The Psychology of Influencer Marketing
Editors’ inboxes are daily flooded with marketing pitches: "Our product is unique!" "Our service is innovative!" "Our [fill in the blanks] will rock your world!"
There are so many pitches to choose from. So, the question becomes: What causes an editor to show interest? What moves one pitch to the top of the pile? The answer can be found in psychology. Fractl collaborated with BuzzStream to apply psychological theories to the campaign outreach process. And some interesting results emerged. Below are four key takeaways to give you a more persuasive edge when you work on your next pitch.
1. People want choices.
We are offered endless options daily; even something as simple as a cup of coffee comes in small, medium and large, with additional options for cream and sugar. Researchers at Columbia and Stanford universities found that the attention of 40 to 60 percent of their study participants could be captured when they were offered a variety of options versus only one. And consumers were 10 times more likely to make a purchase when provided with a limited number of options versus a more expansive number. These same principles can be applied during the outreach process. Some helpful tips:
Offer a choice of assets: Be sure that your content can be implemented in multiple formats so that you are offering more than one option (examples include static infographics and dynamic visualizations, such as animated .gifs or videos).
Encourage flexibility by providing raw data and including two or three suggestions for a story angle.
If you have multiple campaigns in production, include a brief description of any that might be relevant to an editor’s beat, to encourage collaboration.
2. Overcome communication barriers.
During the outreach process, it is incredibly rare to communicate in person with someone interested in your pitch. Researchers at Northwestern University School of Law found that online communication has a limiting effect on persuasion but that understanding the theory of confirmation bias can give your pitch a more persuasive edge by reaffirming an editor’s existing ideas.
Confirmatory bias is the tendency to search for or interpret information in a way that confirms one's preconceptions, but this tendency may lead to statistical errors. In a study on the subject, researchers at New York University found that participants presented with information that confirmed their own beliefs were more likely to agree with and positively review material. This same principle can be applied when pitching: To increase the likelihood of placement for your campaign, make sure you offer an editor content that reaffirms his or her audience’s ideas.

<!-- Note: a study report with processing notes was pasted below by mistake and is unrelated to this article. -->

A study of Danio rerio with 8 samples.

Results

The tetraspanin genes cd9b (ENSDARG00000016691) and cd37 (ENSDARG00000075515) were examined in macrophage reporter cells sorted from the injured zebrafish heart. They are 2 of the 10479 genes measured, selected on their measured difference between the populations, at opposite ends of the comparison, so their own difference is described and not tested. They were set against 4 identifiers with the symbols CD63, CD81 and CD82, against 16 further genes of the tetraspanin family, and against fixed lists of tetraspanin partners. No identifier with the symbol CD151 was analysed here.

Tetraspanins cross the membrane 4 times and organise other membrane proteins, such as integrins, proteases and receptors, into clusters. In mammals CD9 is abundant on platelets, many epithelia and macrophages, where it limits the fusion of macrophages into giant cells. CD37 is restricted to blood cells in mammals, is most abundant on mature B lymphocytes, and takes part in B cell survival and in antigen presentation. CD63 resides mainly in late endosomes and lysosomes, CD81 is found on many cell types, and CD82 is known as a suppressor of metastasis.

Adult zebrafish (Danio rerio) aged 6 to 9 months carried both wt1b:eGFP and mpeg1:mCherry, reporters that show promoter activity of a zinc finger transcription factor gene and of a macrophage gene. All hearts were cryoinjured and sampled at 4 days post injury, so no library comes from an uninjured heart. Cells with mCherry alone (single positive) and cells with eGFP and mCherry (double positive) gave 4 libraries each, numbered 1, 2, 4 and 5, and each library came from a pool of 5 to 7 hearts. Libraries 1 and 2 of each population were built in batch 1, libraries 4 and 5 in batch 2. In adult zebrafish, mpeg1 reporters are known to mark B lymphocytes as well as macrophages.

3. Tap into emotions.
Making an emotional or personal connection with an editor may be the biggest factor that determines whether or not your content will resonate. In a previous study, Fractl asked 60 viewers to list an emotion activated by a set of images shown. The researchers then categorized the results using Robert Plutchik’s Wheel of Emotion. The findings revealed that positive emotions resulted more consistently than did negative emotions in highly viral campaigns. Viral success was still possible, however, when negative emotions ignited a sense of anticipation and surprise.
This same idea can be applied within your pitch. When offering content, expand on an emotional response a reader might have. For instance, the data might reaffirm something an editor already believes -- an easy, positive connection. Or the data might go against a norm, likely leading to a negative response containing the necessary “shock” value.
4. Keep in mind that you want to sell your content.
Look at editors as potential consumers of a product -- the product in this case being your content. A quick lesson in AIDA can help you figure out the best way to maximize your placement rate, or your version of sales. AIDA is an acronym commonly used to describe the linear progression of persuasive techniques in sales. Here’s how you can apply those techniques during your campaign outreach process:
Attention – Gain an editor’s attention through an intriguing but brief subject line containing 35 characters or less.
Interest – Attract interest through original data and unique visuals.
Desire – Trigger a desire by including emotional content that most closely reaffirms your audience’s existing beliefs.
Action – Be sure that the end of your pitch includes an explicit call-to-action.
The biggest takeaway from our research? Basic theories of psychology, applied to pitches, can help your promotions team optimize its placement rates. Numerous conscious and subconscious thoughts affect our daily decisions, and by understanding these theories, you can boost editors' interest in your content.